Suella Braverman: Rishi Sunak did not sign off Home Secretary's article accusing Met Police of bias, No10 says
Rishi Sunak's spokesman said the piece was "not cleared by Number 10", adding Downing Street is "looking into what happened". He refused to say whether Sunak supported Braverman's comments, instead stating that the PM had laid out his view on the matter yesterday.
Despite this, the Sunak still has "full confidence" in Braverman, the spokesman said. Asked whether the Home Secretary’s actions amounted to a breach of the ministerial code, he said: “I’m not the arbiter of the code, it’s not for me to opine.” The Institute for Government said: "The Ministerial Code does require media appearances to be cleared with the No10 press office, so to that extent this looks like it could be a breach of the code."
He added: “The Prime Minister continues to believe that the police will operate without fear or favour." When questioned by journalists about potentially inflammatory comments, the spokesman said "it's important [for ministers] to consider their language carefully."
The PM's spokesman was also asked by reporters if he has a good relationship with the Home Secretary, to which he replied: "They continued to work closely together."
Writing in The Times, Braverman said: “I do not believe that these marches are merely a cry for help for Gaza. They are an assertion of primacy by certain groups — particularly Islamists — of the kind we are more used to seeing in Northern Ireland. Also disturbingly reminiscent of Ulster are the reports that some of Saturday’s march group organisers have links to terrorist groups, including Hamas.” She added: “Right-wing and nationalist protesters who engage in aggression are rightly met with a stern response yet pro-Palestinian mobs displaying almost identical behaviour are largely ignored, even when clearly breaking the law? I have spoken to serving and former police officers who have noted this double standard.
“Football fans are even more vocal about the tough way they are policed as compared to politically connected minority groups favoured by the left. It may be that senior officers are more concerned with how much flak they are likely to get than whether this perceived unfairness alienates the majority. The government has a duty to take a broader view.”
Her comments have sparked a fresh row within the Conservative Party, with Cabinet colleague Mark Harper slapping them down, after ministers have in recent days already sought to distance themselves from other claims she made describing homelessness as a “lifestyle choice”.
The Prime Minister is facing calls from opposition parties to sack Braverman over the “irresponsible” and “divisive” remarks about policing which they say fan the risk of unrest this weekend.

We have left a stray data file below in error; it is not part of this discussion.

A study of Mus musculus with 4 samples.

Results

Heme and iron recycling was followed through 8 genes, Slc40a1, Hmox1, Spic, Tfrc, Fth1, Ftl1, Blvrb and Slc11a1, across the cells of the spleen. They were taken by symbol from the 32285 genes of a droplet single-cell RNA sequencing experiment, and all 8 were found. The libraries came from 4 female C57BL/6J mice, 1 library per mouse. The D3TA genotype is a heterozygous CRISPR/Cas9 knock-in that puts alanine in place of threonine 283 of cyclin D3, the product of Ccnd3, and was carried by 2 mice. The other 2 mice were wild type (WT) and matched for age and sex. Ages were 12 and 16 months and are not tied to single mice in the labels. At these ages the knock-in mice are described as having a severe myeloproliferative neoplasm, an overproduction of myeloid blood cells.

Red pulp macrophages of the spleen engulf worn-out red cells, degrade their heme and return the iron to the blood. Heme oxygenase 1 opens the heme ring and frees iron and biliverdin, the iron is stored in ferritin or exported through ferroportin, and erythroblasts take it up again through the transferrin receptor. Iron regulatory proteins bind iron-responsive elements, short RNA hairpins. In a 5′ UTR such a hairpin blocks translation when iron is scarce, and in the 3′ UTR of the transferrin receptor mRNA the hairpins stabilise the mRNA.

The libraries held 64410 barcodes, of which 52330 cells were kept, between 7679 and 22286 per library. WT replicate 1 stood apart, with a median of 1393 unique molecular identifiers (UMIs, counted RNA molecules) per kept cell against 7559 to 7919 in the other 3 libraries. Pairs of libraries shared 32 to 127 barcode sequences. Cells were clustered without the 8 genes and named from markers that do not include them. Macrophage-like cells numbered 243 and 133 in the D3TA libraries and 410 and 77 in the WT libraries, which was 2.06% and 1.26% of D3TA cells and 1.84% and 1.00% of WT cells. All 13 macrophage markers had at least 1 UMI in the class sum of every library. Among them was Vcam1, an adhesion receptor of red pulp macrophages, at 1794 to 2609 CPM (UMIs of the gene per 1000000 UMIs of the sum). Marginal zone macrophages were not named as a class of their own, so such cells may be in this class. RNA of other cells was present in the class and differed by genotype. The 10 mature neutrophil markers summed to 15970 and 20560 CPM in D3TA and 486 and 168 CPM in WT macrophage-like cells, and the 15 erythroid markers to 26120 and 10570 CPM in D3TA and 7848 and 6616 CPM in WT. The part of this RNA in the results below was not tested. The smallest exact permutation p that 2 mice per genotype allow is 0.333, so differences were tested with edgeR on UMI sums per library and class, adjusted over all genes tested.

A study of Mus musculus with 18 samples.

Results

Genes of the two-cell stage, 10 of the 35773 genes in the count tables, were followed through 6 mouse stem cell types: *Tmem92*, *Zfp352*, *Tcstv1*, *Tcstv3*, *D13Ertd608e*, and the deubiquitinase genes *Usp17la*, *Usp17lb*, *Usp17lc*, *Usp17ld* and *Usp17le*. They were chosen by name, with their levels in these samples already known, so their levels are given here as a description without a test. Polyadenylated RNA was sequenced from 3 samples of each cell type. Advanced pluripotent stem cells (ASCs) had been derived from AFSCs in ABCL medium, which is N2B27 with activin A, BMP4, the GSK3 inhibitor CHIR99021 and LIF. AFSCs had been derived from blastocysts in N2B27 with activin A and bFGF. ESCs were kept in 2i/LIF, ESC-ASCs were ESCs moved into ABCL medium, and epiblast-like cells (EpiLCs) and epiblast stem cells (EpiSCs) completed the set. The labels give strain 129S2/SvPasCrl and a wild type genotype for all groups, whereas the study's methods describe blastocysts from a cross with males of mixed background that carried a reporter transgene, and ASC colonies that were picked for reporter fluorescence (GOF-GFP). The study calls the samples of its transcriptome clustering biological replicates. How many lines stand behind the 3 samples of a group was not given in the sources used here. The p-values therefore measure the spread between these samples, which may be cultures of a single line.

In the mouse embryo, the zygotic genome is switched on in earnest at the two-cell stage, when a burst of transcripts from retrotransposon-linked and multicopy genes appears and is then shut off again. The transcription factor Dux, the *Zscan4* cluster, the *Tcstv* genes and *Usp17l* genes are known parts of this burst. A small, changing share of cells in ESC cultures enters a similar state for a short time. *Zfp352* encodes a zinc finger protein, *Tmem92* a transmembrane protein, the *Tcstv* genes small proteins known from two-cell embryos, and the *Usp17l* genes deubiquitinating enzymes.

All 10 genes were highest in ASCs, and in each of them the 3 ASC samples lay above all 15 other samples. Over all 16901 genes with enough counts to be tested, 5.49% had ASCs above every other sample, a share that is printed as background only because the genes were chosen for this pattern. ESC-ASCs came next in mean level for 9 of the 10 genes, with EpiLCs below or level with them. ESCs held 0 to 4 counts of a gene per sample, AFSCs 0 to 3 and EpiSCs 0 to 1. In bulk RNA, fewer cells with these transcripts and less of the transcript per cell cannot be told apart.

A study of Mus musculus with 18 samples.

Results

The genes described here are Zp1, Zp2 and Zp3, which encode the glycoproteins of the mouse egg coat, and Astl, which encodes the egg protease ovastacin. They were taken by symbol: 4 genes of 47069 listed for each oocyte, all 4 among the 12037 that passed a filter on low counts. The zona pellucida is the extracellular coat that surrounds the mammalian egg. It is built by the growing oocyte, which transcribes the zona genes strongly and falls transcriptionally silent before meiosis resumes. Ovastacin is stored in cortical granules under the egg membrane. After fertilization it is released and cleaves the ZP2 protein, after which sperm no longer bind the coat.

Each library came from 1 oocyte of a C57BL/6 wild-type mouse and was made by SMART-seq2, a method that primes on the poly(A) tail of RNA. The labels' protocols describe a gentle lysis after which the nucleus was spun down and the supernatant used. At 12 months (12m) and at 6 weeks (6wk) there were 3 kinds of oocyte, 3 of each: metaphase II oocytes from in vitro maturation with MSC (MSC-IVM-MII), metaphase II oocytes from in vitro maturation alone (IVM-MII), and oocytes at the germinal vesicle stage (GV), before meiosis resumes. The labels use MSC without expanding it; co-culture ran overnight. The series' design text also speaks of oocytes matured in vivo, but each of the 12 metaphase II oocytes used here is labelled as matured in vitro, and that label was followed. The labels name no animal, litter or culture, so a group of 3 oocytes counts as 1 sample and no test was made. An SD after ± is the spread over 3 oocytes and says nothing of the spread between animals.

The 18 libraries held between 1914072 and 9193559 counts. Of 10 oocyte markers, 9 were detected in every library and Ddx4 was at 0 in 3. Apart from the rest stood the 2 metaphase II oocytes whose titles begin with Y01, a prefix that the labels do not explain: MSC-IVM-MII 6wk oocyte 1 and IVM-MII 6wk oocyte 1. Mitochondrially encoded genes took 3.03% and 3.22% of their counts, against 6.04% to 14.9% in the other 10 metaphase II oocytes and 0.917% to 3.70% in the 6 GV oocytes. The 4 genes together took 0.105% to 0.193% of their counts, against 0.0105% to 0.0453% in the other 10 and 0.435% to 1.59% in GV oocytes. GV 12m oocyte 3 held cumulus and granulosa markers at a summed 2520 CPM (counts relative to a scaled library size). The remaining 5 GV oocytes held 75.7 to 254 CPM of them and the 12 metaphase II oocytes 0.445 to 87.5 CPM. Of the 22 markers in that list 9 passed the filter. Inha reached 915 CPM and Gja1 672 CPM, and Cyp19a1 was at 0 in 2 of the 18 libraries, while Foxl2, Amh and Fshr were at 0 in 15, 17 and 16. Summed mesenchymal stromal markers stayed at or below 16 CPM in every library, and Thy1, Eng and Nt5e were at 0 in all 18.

Shadow Home Secretary Yvette Cooper told MPs: "We have seen her words this morning, attempting to rip up the operational independence of the police, attacking their impartiality in the crudest and most partisan of ways, deliberately undermining respect for the police at a sensitive time when they have an important job to do, deliberately seeking to create division around Remembrance.”
Labour leader Sir Keir Starmer described Braverman as “divisive” and “stoking up tension at the very time we should be trying to reduce tension. “She is doing the complete opposite of what I think most people in this country would see as the proper role of the Home Secretary,” he said. He added that this was “compounded by the fact that we’ve got a Prime Minister who’s too weak to do anything about it.
She added: “She is encouraging extremists on all sides, attacking the police when she should be backing them. It is highly irresponsible and dangerous, and no other Home Secretary would ever have done this.”
While the former chief inspector of constabulary Sir Tom Winsor said Braverman’s comment “crosses the line” by breaking the convention that a Home Secretary should not question the operational integrity of the police.
This is not the first time Braverman has been caught up in a row about the ministerial code. In October 2022, in the dying days of the Liz Truss government, she resigned from her role as Home Secretary after admitting to a “mistake” which breached both national security rules and the ministerial code.
The Fareham MP wrote that she had “sent an official document from [her] personal email to a trusted parliamentary colleague.” She admitted: “This constitutes a technical infringement of the rules.” Braverman added a caveat to her mistake, claiming that the documentation was due for publication “imminently”, but maintained that “nevertheless it is right for me to go.”
However, Truss then resigned herself and, in a highly controversial move, the then new Prime Minister Sunak decided to re-appoint Braverman on 26 October 2022 - to the very role she had quit just a week prior. Both Labour and the Lib Dems raised “national security” concerns following the re-appointment, and demanded an investigation by the Cabinet Office.